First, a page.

Key findings of this year’s Julius Baer Wealth Report focusing on Asia include:
  • The overall Julius Baer Lifestyle Index rose 8% in 2013.

  • In both US dollar (11%) and local currency (16.7%) terms, Mumbai saw the highest increase in cost of luxury goods and services over the past year.

  • While most of the twenty index constituents for Shanghai rose year-on-year, the moderation in luxury property prices constrained the overall increase. Excluding property and equally weighting the other items, Shanghai luxury living costs rose by 10% in renminbi terms (11% in USD terms).

  • In keeping with the 2012 outcome, the cost of university education has shown the highest increase for this year, up more than 30% for all markets. This raises important issues for parents and applicants, beyond simply rising costs.

  • The second highest average increase was seen in high-end wine, which increased more than 16% on average across all markets. Commentary by leading wine experts indicates that Asia’s wine tastes are rapidly evolving, suggesting that prestigious wine labels may rise at a slower rate in the future.

Now in its third year, the Julius Baer Wealth Report continues to focus on Asia, providing a comprehensive and exclusive analysis of the HNWI landscape in the region. Historically the Index covered Hong Kong, Singapore, Shanghai and Mumbai. This year new cities have been added including a comparison of luxury goods and services costs across Manila, Jakarta, Seoul, Taipei, Kuala Lumpur, Bangkok and Tokyo for the first time. It provides a cross section of data divided into ‘goods’ and ‘services’ for comparative purposes. Based on the cross-sectional data, Hong Kong, Shanghai, Singapore and Bangkok have the most items that cost more than the region’s average prices. In Mumbai, Jakarta, Kuala Lumpur, Manila and Taipei, most luxury services are below the regional average, but they tend to have goods prices that are more expensive. Education costs are excluded from this cross-sectional analysis.

As Stefan Hofer noted, “Japan’s economy is at a crossroads. In recognition of the profound changes that have taken place since September 2012, Tokyo has been included in this year’s report for the first time. We estimate that Japan is currently home to 2.1 million HNWIs, measured in US dollar terms. In contrast to other economies in Asia, where the report’s forecasts have included currency appreciation assumptions, Japan’s economic renaissance is, over the shorter term, created by yen weakness. Nevertheless, we are increasingly confident that Japan can cast off the yoke of deflation and drive further wealth creation into the medium term.”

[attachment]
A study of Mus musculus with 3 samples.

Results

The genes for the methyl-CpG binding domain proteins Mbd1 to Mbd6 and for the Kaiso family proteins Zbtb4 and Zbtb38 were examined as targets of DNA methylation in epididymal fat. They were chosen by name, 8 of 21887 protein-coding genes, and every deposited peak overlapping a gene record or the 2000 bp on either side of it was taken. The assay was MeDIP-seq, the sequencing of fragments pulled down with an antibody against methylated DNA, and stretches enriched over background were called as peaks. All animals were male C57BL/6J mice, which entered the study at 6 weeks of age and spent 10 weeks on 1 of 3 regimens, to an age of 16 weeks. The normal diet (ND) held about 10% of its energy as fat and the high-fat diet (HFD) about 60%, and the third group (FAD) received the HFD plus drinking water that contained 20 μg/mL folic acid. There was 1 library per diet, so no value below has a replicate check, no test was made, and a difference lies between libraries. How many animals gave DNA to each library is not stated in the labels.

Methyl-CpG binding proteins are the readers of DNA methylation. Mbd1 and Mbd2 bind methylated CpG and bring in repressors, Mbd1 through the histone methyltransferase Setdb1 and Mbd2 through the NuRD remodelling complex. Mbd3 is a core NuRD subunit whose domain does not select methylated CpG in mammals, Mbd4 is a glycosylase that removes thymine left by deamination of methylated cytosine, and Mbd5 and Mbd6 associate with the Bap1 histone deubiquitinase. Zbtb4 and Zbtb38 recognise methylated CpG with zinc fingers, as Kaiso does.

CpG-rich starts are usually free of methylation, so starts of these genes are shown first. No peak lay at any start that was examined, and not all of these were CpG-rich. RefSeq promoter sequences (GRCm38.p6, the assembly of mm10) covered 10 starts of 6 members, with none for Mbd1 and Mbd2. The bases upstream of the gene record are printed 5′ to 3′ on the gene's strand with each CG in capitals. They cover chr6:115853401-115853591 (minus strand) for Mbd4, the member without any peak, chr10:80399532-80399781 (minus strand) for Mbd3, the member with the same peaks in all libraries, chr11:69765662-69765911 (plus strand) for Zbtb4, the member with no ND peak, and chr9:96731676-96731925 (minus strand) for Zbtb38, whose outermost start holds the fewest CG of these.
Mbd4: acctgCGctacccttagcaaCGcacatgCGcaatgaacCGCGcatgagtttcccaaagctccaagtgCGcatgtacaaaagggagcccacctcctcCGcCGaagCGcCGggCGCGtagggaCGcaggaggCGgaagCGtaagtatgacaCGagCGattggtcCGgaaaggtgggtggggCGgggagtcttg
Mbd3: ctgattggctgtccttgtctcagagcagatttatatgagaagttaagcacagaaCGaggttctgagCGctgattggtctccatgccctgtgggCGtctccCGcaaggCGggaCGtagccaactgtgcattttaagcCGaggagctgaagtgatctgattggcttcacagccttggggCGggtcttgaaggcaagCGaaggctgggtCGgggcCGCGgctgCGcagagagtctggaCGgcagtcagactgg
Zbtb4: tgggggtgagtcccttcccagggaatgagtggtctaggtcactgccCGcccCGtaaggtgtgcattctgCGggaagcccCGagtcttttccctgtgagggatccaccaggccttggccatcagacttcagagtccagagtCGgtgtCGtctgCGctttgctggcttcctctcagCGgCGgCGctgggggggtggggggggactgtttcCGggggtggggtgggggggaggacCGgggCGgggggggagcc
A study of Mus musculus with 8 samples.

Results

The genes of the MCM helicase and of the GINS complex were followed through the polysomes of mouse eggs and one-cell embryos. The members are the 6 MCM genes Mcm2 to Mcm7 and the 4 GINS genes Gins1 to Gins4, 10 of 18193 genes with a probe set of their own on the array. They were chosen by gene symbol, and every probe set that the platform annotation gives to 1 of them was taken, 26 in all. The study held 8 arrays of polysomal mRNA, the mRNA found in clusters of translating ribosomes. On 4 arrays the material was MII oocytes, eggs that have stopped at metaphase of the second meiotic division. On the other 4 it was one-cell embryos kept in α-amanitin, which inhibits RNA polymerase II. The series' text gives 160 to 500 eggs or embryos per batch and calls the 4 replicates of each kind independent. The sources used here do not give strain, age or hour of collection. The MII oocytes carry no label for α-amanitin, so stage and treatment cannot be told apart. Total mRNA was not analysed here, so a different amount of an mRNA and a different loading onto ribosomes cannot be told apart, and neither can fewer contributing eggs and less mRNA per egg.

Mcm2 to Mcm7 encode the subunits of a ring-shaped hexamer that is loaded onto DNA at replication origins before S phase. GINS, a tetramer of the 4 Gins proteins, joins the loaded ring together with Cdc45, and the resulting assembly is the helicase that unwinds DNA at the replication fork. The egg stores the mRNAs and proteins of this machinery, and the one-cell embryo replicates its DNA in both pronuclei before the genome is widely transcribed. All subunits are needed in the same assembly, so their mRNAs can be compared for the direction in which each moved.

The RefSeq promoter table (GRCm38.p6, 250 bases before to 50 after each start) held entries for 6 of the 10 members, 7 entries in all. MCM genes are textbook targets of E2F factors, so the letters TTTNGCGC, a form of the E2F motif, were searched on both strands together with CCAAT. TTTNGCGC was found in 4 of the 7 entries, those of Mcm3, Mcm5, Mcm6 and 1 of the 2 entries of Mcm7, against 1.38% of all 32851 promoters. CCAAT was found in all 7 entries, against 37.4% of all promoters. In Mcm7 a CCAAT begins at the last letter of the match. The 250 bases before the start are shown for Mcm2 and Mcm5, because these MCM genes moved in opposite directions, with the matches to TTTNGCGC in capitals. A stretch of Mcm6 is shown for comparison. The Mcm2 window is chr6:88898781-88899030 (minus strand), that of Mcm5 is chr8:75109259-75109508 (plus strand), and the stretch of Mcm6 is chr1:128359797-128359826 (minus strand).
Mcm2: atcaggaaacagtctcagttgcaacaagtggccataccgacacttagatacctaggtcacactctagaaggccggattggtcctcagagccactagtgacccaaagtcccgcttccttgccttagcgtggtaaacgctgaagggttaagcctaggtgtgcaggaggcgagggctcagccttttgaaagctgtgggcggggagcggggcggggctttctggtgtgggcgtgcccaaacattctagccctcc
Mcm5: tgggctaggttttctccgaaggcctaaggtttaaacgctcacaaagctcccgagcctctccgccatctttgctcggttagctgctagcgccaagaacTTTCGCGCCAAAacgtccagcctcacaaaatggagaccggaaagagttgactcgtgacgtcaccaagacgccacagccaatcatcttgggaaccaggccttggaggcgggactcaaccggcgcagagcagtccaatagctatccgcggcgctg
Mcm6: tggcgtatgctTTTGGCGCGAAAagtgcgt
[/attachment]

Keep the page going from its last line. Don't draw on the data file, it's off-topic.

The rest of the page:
He continued, “Interestingly, Tokyo does not stand out for being especially expensive, in particular on the goods front. Only ‘men’s tailoring’ and ‘women’s shoes’ are more expensive than the regional average.”

The Julius Baer Wealth Report 2013 makes note of the rapid change taking place in the luxury consumption area. Purchases of lower ticket items in the index, such as wine, cigars and watches are becoming more frequent and not seen as ‘one-off’ luxuries. Branding and prestige purchases are making way for buying value and quality, which suggests that, particularly in China, the luxury landscape is going to move away from some established market leaders.

Boris Collardi, CEO Bank Julius Baer, explained that “we know from our own experience in Asia that clients demand a very high quality service and the environment is competitive. Hence what is happening in the consumer space is also happening in wealth management, so service providers must demonstrate their value and innovate.”

Commenting on the expanded Julius Baer Lifestyle Index, Dr Thomas R. Meier, Head of Asia, added: “Asia’s economies are becoming increasingly integrated, and this in turn is driving growth and wealth creation, therefore it makes sense for the report to explore the index in more cities, and understand better the issues driving the pricing and selection of such goods throughout the region.”

This year the Julius Baer Wealth Report: Asia will again be available in Simplified Chinese.

The English and Chinese versions are for the second time available on the Next Generation iPad App which comprises the previous Julius Baer Wealth Reports and a number of Julius Baer Next Generation Investment Conference-related publications including two interactive magazines. The App can be accessed from www.juliusbaer.com/app or the iTunes App Store (search for ‘Julius Baer’).